On Mar 24, 2007, at 4:36 AM, Peter Normann wrote:

Quey wrote:
I've read that use of SQL for vpopmail is really only advantageous
when you get many domains.

Not exactly. SQL is advantageous if you somewhere down the road want to
implement a web based management system for administering accounts.

SQL is advantageous if you want to scale the cluster beyond more than one box. If the data is stored in CDB, then you must replicate or share the CDB file(s) to each machine in the cluster. This is not difficult, as you can NFS share the CDB, or you can rsync/rdist/scp the files to each system. But if the CDB file(s) are frequently updated, and can be updated by more than one system, you'll run into problems with the CDB getting munged. This is most pronounced with the etc/tcp.smtp when using POP before SMTP on a large cluster, but I've also seen the vpasswd files get munged.

But you shouldn't be using POP before SMTP any longer. And it's been a long time since I've used CDB for vpasswd but I can recall writing a script to rebuild the vpasswd file after it got munged. You have to be very careful to make sure you limit the writers of a CDB to one at a time else you run into problems.

With SQL, it's easy for multiple systems to all access the same SQL tables and concurrency issues are taken care of for you.

However, what about 1 domain, at how many users would it be faster to
use SQL over the default cdb file?

Never. SQL (any flavor) is at least an order of magnitude slower than CDB, on a single box. In 2000, the best I could get out of one top of the line dual PIII system was about 400 queries per second. Of course, qps will vary based on your ratio of read and writes. Writes are very slow with SQL because they must be committed to disk in order to complete. With todays hardware and the latest MySQL, I'd guess you'd be looking at somewhere in the neighborhood of 1,000-1,500 qps under normal usage. That assumes you've got a large enough data set to invest 4-8 hours tuning MySQL and your queries to get the best performance.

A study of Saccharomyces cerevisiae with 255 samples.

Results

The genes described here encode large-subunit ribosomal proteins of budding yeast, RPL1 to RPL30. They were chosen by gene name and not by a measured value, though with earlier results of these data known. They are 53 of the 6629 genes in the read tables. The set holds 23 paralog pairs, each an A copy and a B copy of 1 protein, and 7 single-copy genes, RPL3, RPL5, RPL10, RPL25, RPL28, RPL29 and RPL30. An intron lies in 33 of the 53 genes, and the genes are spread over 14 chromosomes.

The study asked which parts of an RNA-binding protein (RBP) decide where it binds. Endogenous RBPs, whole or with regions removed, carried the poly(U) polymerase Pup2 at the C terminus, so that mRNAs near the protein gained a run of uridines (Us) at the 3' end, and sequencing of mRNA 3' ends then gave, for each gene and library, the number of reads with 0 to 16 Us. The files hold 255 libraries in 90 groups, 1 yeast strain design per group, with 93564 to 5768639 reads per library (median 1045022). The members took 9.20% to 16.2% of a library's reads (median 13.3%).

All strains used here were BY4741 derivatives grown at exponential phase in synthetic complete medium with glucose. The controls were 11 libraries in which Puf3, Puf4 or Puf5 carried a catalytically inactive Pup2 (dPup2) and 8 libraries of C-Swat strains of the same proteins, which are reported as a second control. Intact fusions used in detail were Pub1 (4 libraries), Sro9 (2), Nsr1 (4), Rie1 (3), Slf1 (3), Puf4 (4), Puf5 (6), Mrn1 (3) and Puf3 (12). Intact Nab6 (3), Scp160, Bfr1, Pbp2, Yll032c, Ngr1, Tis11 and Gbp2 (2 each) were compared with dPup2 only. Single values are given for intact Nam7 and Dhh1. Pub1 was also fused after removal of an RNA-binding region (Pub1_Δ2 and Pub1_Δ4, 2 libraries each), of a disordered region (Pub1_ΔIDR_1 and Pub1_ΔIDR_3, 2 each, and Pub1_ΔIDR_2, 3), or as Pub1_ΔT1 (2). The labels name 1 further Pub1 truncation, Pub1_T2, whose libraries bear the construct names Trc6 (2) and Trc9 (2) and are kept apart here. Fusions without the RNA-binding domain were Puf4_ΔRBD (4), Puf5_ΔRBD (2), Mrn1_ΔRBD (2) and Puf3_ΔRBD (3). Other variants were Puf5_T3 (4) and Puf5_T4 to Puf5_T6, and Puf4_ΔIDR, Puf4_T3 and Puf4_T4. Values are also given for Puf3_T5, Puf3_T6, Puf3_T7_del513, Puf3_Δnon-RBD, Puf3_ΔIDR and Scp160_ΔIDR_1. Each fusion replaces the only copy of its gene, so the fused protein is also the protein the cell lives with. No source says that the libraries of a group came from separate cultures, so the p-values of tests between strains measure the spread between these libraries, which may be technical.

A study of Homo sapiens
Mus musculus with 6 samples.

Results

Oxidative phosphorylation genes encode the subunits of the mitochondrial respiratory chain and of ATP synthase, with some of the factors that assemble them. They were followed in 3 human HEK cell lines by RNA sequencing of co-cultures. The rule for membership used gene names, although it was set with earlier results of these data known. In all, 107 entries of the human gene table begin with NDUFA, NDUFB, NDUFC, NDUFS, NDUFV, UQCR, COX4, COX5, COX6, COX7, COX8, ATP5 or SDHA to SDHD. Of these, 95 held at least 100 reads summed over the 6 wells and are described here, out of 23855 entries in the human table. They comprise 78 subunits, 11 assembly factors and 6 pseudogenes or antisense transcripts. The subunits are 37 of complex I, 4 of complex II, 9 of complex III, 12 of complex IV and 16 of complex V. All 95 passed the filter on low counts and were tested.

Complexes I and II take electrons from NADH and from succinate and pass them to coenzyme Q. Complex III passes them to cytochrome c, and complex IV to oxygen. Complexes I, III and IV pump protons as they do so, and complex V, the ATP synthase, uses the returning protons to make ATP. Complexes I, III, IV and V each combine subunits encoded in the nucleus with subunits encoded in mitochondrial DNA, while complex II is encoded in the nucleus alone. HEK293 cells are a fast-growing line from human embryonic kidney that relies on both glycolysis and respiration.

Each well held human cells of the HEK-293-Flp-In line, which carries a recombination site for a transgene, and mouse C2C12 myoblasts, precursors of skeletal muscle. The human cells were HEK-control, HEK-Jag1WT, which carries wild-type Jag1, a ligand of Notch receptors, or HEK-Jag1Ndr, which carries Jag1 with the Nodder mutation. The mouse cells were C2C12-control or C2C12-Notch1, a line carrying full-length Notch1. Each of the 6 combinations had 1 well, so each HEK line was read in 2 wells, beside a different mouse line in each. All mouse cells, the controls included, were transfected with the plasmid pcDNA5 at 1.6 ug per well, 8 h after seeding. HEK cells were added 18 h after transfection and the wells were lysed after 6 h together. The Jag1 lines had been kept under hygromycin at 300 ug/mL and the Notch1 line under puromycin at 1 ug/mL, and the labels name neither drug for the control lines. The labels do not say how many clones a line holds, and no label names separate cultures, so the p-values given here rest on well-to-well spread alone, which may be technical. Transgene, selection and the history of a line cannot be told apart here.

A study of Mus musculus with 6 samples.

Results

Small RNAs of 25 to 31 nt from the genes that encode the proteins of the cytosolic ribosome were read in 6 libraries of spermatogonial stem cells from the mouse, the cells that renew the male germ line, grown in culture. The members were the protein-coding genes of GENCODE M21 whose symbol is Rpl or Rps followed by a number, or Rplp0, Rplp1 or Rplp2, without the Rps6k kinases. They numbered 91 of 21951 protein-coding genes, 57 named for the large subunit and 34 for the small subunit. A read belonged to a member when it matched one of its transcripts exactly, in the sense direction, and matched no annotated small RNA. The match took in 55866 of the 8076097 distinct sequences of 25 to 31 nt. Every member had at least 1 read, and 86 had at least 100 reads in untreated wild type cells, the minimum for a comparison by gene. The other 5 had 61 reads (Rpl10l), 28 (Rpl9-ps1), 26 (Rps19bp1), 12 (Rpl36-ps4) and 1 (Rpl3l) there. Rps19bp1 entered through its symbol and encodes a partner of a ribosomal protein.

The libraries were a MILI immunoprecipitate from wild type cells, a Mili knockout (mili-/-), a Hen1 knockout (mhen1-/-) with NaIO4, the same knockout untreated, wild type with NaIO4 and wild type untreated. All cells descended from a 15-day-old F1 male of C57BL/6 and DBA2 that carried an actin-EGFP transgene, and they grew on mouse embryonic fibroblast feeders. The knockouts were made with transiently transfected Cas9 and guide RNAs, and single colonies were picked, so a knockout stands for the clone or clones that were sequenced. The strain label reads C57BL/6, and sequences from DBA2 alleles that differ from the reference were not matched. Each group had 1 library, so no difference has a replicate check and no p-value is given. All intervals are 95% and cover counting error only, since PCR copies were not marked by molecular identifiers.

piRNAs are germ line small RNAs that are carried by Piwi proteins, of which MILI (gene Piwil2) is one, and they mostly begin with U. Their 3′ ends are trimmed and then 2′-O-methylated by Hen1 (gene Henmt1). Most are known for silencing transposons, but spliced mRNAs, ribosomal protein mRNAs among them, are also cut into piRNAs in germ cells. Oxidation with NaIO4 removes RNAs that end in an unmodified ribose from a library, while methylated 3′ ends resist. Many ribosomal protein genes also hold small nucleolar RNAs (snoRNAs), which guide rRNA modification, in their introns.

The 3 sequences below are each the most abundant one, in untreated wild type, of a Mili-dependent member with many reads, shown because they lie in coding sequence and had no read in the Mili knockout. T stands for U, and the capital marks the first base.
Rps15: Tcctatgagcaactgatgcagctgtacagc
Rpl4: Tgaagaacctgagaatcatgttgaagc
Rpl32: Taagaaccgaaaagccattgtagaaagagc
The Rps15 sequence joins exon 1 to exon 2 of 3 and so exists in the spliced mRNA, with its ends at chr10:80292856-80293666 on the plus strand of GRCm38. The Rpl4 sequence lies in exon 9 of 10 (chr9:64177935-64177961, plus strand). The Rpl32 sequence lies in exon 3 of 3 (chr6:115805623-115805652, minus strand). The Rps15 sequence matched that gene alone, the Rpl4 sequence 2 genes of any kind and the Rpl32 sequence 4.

The last time I benchmarked CDB performance (in 2000), I was able to get well over 6,000 qps on servers half the CPU of my SQL boxes. That kind of performance is expected from a CDB because it's a file. Any good Unix-like OS will mmap it and access it from RAM.

Is it beneficial at 10K users or 50K users in the same domain, or no
real gain at all until 100K users, or never?

I am uncertain whether SQL provides performance gains under any
circumstances. Maybe someone could expand on this...

Where SQL beats the pants off CDB is scalability. CDB has file size limits and you can't have multiple writers. Before any write is completed you must rebuild the CDB from the plain text file. With tiny CDB files, this is never an issue. But when your CDB gets large and takes seconds, or minutes to compile, soaking up gobs of CPU and RAM in the process, this becomes a big problem. Under those conditions, SQL kicks CDB's tail all over town. One SQL write/update and you're done.

You can throw a bunch of hardware at MySQL and achieve many thousands of queries per second such as sites like Wikipedia and Friendster do, pushing upwards of 15,000 queries per second. And unlike CDB, they have a lot of redundancy built in because the entire data set exists in multiple databases.

If your data access is almost entirely reads, CDB is fantastic. If your data set is tiny or small, CDB is excellent. If you need frequent writes of a large or huge data set, CDB is probably inappropriate.